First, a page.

U.S. Sen. Raphael Warnock, D-Ga., and Republican challenger Herschel Walker traded policy positions and took jabs at each other’s personal histories Friday night during what likely will be their sole debate before Georgia voters decide who to send to Washington. 

Recent allegations that former University of Georgia football star Walker paid for an ex-girlfriend’s abortion despite his public pro-life stance put questions of character and reputation center stage. 

Walker is seeking to unseat Warnock, the pastor at Ebenezer Baptist Church in Atlanta. The race has drawn national attention – and dollars – because its outcome could determine the party balance of the currently 50-50 Senate. 

Warnock repeatedly criticized Walker’s honesty.

“My opponent has a problem with the truth,” he said. 

Walker tied Warnock to President Joe Biden over and over, blaming inflation and a host of other problems on the Democratic duo. 

“You have to blame this administration and Senator Warnock because within two years, this inflation has gotten worse,” Walker said. “They cut out energy independence. They also raised taxes.” 

Walker said he would focus on boosting U.S. energy independence to address inflation. 

Warnock rebutted the claim that he had raised taxes, pointing to his support for the Child Tax Credit and his work to include caps on the costs of  prescription drugs and insulin in the Inflation Reduction Act recently passed by Congress. 

Warnock also praised Biden’s recent decision to forgive some student loan debt and said more help is needed. Walker called the loan forgiveness “unfair” and said people should not have to pay for someone else’s loan. 

“That was a lie and I’m not backing down,” Walker said when asked about the recent allegations that he paid for an ex-girlfriend’s abortion.

Walker added that he supported Georgia’s heartbeat law, which bans most abortions after about six weeks of pregnancy, but evaded answering a question about whether he would support a nationwide total ban on abortions. 

Warnock grounded his pro-choice stance in his belief in women’s privacy and theology. 

“A patient’s room is too narrow and small and cramped a space for a woman, her doctor and the United States government,” Warnock said. “I’m a man of faith and I have a profound reverence for life and a deep respect for choice.” 

Georgia should also expand Medicaid, Warnock said. Doing so would save the state money and help people access health care, he said. 

“Georgia needs a senator who believes like I do that health care is a human right,” he said. 

“What I want you to do is get off the government health care,” Walker shot back. “That’s what I’m trying to do, to make you independent rather than dependent.”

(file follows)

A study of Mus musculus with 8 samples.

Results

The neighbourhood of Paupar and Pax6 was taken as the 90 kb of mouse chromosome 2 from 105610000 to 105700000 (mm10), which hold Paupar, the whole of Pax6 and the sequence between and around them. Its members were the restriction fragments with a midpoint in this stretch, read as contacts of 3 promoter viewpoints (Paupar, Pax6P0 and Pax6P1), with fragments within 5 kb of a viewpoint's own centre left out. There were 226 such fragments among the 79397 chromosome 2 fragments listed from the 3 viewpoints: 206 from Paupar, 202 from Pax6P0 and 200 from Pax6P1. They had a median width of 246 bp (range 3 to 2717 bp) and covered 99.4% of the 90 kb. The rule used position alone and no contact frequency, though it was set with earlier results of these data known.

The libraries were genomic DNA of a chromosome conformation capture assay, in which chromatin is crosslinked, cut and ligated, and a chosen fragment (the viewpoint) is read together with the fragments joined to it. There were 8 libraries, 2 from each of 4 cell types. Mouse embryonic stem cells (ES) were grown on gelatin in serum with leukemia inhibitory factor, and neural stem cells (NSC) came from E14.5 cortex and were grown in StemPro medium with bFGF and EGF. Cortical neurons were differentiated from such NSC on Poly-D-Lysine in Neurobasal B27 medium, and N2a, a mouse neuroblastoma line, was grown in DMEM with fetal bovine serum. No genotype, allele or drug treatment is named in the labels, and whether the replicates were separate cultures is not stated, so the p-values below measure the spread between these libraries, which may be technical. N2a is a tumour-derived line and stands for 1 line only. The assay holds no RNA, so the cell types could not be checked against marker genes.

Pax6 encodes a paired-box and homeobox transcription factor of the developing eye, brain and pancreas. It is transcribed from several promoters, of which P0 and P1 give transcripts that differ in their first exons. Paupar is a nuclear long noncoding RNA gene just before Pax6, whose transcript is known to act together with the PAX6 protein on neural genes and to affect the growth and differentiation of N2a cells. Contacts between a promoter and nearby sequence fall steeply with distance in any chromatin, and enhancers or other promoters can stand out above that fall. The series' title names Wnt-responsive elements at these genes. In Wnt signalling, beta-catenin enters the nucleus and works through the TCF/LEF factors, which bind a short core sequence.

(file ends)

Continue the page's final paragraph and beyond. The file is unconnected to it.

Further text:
On crime, Warnock pointed to his support for increased funding and resources for local law enforcement departments. And he said he is pleased about a new gun safety law Congress passed in June. 

In contrast, Walker emphasized his strong support for the Second Amendment right to bear arms and painted Warnock as soft on crime. 

“He’s empowered criminals to think they’re better than the police, and he believes in no-cash bail and releasing prisoners,” Walker said. “He don’t protect the border. Fentanyl is coming into this country and also Atlanta.”

The debate took an unusual turn when Warnock criticized Walker’s claims to have worked for the FBI and other law enforcement departments in the past. 

“I’ve never pretended to be a police officer, and I have never threatened a shootout with the police,” Warnock said, referring to an incident when Walker allegedly threatened his ex-wife with a gun. 

In response, Walker pulled out a badge that he said proved he had served on a police force, leading one of the debate hosts to chide him for breaking a debate rule against bringing props on stage. 

Both candidates said they would accept the results of the next election. Walker said he would support another Donald Trump run for the presidency, while Warnock did not directly answer whether he would support a Biden run in 2024. 

The race is in a dead heat, according to a Capitol Beat/Georgia News Collaborative poll of 1,030 likely general election voters released this week.

This story is available through a news partnership with Capitol Beat News Service, a project of the Georgia Press Educational Foundation.

Rebecca Grapevine | Capitol Beat

Rebecca Grapevine is a journalist based in Atlanta.